Human Rights and Comparative Foreign Policy

By David P. Forsythe | Go to book overview

Notes
1
Jacques Rupnik, “Central or Mitteleuropa?” Daedalus 119/1 (Winter 1990), 253.
2
Historical data quoted by Andras Inotai, “Past, Present, and Future of Federalism in Central and Eastern Europe,” New Europe Law Review 1/2 (Spring 1993), 516.
3
Timothy Garton Ash, “Reform or Revolution?” in Timothy Garton Ash, ed., The Uses of Adversity: Essays on the Fate of Central Europe (New York: Random House, 1989), 250.
4
Wojtek Lamentowicz, “Russia and East-Central Europe: Strategic Options,” in Vladimir Baranovsky, ed., Russia and Europe: The Emerging Security Agenda (Oxford: SIPRI, Oxford University Press, 1997), 356.
5
Kalman Kulcsar, “Constitutionalism and Human Rights in the Transformation of the Hungarian Political System,” in Marta Katona Soltesz, ed., Human Rights in Today's Hungary (Budapest: Mezon, 1990), 15.
6
Istvan Pogany, “A New Constitutional Disorder for Eastern Europe?” in Pogany, ed., Human Rights in Eastern Europe (Aldershot: Edward Elgar, 1995), 225–226.
7
Zdenka Polivkova, “Human Rights in Post-Totalitarian Czechoslovakia,” All-European Human Rights Yearbook, vol. 1 (1991), 231.
8
Jacek Kurczewski, “The Politics of Human Rights in Post-Communist Poland,” in Pogany, Human Rights, op. cit., 112.
9
Elemer Kankiss, Kelet-Europai Alternativak [East European Alternatives] (Budapest: KJK, 1989), 82.
10
Roman Wieruszewski, “National Implementation of Human Rights,” in Allan Rosas and Jan Helgesen, eds., Human Rights in a Changing East–West Perspective (London: Pinter, 1990), 286–287.
11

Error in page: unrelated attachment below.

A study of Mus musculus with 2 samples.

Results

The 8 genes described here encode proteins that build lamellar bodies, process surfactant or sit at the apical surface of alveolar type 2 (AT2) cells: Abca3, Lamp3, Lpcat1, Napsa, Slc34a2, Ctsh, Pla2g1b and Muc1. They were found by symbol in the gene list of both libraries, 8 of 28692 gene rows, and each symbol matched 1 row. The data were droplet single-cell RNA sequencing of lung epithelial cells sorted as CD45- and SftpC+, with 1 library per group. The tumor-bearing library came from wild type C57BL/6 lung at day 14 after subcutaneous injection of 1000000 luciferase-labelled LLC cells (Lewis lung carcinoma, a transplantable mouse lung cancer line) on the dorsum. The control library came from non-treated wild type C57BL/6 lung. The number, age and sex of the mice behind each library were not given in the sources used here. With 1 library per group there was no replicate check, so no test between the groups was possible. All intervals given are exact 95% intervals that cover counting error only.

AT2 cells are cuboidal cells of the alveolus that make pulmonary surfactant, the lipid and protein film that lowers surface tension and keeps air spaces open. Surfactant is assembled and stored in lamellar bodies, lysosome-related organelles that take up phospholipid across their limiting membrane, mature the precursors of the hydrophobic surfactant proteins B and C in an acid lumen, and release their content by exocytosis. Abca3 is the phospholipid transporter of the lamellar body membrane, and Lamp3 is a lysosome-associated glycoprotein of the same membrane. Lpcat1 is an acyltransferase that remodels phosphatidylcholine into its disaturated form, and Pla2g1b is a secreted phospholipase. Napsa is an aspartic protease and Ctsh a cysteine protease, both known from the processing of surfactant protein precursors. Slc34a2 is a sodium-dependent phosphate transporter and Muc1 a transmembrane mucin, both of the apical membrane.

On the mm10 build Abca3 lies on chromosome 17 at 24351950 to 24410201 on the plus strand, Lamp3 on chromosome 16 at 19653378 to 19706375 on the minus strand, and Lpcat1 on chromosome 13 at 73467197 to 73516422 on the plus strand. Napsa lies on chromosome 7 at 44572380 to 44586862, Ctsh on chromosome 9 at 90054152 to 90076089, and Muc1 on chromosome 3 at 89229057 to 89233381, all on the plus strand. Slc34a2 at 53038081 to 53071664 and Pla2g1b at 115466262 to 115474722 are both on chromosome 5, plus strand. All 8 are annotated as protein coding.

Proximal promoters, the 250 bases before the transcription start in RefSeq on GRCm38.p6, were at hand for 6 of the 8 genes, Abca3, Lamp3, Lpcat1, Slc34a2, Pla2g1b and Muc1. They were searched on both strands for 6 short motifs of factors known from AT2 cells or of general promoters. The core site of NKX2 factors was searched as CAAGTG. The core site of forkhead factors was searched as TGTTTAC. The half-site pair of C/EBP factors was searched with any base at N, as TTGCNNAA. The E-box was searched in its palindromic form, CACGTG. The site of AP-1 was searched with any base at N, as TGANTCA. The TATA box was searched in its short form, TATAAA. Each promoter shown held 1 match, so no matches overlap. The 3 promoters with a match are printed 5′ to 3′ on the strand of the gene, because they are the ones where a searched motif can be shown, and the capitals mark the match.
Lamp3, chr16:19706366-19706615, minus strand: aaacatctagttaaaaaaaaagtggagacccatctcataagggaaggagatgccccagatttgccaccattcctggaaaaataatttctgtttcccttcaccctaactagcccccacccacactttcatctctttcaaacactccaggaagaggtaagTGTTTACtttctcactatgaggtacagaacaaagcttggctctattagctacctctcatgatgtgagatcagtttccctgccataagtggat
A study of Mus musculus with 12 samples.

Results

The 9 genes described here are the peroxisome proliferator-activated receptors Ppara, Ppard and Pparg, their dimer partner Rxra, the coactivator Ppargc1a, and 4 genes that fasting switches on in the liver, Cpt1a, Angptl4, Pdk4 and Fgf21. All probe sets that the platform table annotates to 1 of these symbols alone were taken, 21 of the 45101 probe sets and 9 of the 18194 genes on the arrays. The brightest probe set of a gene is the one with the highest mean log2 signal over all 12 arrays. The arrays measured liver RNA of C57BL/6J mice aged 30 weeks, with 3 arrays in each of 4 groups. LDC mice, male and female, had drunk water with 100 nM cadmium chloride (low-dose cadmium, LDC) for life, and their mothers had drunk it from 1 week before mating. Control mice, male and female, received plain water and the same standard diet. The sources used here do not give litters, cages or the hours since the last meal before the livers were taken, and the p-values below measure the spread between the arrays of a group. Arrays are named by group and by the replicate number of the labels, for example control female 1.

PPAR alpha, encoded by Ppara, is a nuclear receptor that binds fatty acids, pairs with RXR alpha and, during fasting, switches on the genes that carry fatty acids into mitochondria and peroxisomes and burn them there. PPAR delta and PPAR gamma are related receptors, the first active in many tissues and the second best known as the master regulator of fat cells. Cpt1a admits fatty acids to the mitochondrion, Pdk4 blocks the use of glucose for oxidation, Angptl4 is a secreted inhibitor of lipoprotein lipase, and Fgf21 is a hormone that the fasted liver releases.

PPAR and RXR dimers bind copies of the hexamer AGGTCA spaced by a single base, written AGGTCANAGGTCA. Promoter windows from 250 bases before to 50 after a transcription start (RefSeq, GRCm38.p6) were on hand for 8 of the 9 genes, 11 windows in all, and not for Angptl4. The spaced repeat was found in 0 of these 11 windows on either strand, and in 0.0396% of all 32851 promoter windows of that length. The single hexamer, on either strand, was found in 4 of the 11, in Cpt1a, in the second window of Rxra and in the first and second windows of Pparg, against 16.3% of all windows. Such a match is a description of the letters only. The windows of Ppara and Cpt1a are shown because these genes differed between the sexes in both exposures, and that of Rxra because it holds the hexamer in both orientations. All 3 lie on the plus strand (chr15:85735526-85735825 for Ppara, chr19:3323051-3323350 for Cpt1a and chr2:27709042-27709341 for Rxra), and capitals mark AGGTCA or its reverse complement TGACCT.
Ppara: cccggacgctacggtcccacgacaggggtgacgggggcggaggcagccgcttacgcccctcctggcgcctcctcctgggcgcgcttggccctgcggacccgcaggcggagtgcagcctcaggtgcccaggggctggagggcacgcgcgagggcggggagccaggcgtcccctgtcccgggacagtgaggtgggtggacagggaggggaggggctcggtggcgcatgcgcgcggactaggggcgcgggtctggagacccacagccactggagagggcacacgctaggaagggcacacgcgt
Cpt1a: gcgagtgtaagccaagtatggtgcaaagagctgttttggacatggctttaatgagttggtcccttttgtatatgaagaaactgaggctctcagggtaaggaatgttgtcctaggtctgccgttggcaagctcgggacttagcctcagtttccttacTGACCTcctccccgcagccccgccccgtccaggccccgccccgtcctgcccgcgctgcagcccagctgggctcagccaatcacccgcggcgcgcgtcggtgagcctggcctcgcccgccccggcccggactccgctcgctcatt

Geza Herczegh, the Hungarian judge of the International Court of Justice, wrote in 1993: “Some days ago, I was asked about the reasons or the secrets of peaceful transition from a dictorial regime to a pluralistic society. My answer was that we Hungarians are a nation of lawyers. Jurists have always played a great role in the Hungarian society. We are proud that our King Andrew II issued the so-called Golden Bill in 1222, seven years after the English Magna Carta limited royal power and recognized some fundamental rights and privileges for the nobility. But those remote historical events are not the most important; far more important is the fact that during the period of communist dictatorship we could preserve, at least partially, our legal traditions and culture, and some of our institutions.” Geza Herczegh, “The Evolution of Human Rights Law in Central and Eastern Europe: One Jurist's Response to the Distinguished Panellists,” Connecticut Journal of International Law 8/2 (Spring 1993), 325.
12
Kulcsar, “Constitutionalism and Human Rights,” op. cit.
13
Eötvös never regarded himself as a federalist, as the idea of the federalization of Hungary was favoured by Hungarian political thinkers only at the end of the First World War.
14
József Eötvös, “XIX. szazad uralkodo eszmeinek befolyasa az alladalomra [The Influence on the State of the Prevailing Ideas of the 19th Century] (Budapest, 1851), as quoted by Kulcsar, op. cit., 22.
15
According to some views, these experiences of individual economic freedoms without having true political rights somehow deformed the idea of citizenship in the eyes of the Hungarians and led to a kind of “leave me alone” or “everybody deals with their own business” mentality, which is frequently but not necessarily intertwined with political passivity.